TEEN HEALTH Published September16, 2015 By Milafel Hope Dacanay

Old Drug Data Reanalysis Links Paxil to Suicidal Risk among Teens and Children

(Photo : Joe Raedle | Getty Images News)

A reanalysis of the old raw data of GlaxoSmithKline's (GSK) Study 329 showed that not only is the drug Paxil (paroxetine) ineffective but it is also unsafe for teens and children due to the risk of suicide.

The reanalysis is carried out under the Restoring Invisible and Abandoned Trials (RIAT) initiative by the BMJ. This project is meant to encourage transparency and make their clinical data available for scrutiny to help doctors and patients make more accurate decisions.

This new analysis was conducted by researchers led by University of Adelaide professor Jon Jureidini. Prof Juredini, along with Ann Tonkin, had once called for the retraction of the original paper in 2003, citing serious concerns over the safety of the drug.

The Study 329 was funded by GSK and headed by Brown University's Martin Keller. At least 270 young people between the ages of 12 to 18 who had been diagnosed with major depression participated in a double-blind randomized clinical trial. During the course of 8 weeks, they took either paroxetine or imipramine (which is sold in the United States as Tofranil), as well as a placebo. The results were then later published in Journal of the American Academy of Child and Adolescent Psychiatry (JAACAP).

According to the reanalysis, neither imipramine nor paroxetine had showed significant efficacy over the placebo. However, there was increased risk of suicidal thoughts and behaviors among those who took paroxetine and cardiovascular problems among the ones with imipramine.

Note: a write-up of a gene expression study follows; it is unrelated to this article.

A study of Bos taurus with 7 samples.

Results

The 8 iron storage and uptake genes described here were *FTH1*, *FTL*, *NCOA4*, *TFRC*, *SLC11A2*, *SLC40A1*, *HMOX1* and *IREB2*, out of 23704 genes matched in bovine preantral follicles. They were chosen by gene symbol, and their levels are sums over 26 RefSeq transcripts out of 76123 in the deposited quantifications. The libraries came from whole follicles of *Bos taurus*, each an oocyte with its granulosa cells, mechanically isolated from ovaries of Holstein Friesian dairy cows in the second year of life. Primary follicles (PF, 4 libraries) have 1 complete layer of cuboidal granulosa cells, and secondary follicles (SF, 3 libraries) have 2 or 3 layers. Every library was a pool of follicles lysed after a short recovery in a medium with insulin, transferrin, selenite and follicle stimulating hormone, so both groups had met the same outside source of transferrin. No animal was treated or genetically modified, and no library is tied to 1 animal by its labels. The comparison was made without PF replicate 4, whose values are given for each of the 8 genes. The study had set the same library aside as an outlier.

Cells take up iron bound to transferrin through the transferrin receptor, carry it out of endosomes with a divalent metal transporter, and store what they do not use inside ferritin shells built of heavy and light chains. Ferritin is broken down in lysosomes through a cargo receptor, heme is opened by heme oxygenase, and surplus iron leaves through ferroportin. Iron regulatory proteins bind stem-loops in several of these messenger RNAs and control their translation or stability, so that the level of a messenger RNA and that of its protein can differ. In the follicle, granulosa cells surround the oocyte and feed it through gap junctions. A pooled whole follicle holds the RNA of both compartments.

Further, in a feature published in the BMJ on Wednesday, Sept 16, the journal's associate editor Peter Doshi points out "financial conflicts of interests" among the authors of the original paper and "editorial assistance." He alleged that the first study, which had more than 20 authors, was not written by any of them but by a GSK hired medical writer.

The same paper also cites a 2002 review of the US Food and Drug Administration (FDA), which categorizes the trial as a failure. Yet in the same year, no less than 2 million of these antidepressants were prescribed to children and teens as off-label, according to New York's office of the attorney general, which sued GSK. In 2012, GSK was slapped with a $3 billion fine for fraudulent marketing of the antidepressant.

Responding to the new findings, GSK mentioned they had actually sent the papers over to the team in March but didn't get any reply. (For this reanalysis, the team allegedly asked GSK if they wanted to do the reanalysis themselves, but they declined. However, the company published more than 70,000 pages of data on a website.) Moreover, they believe they have shown their transparency by giving them access to the data, whether the new outcome is going to be negative or positive. JACAAP, meanwhile, has not withdrawn the study and clarifies that the opinions and statements in the articles found on the website are of the authors'.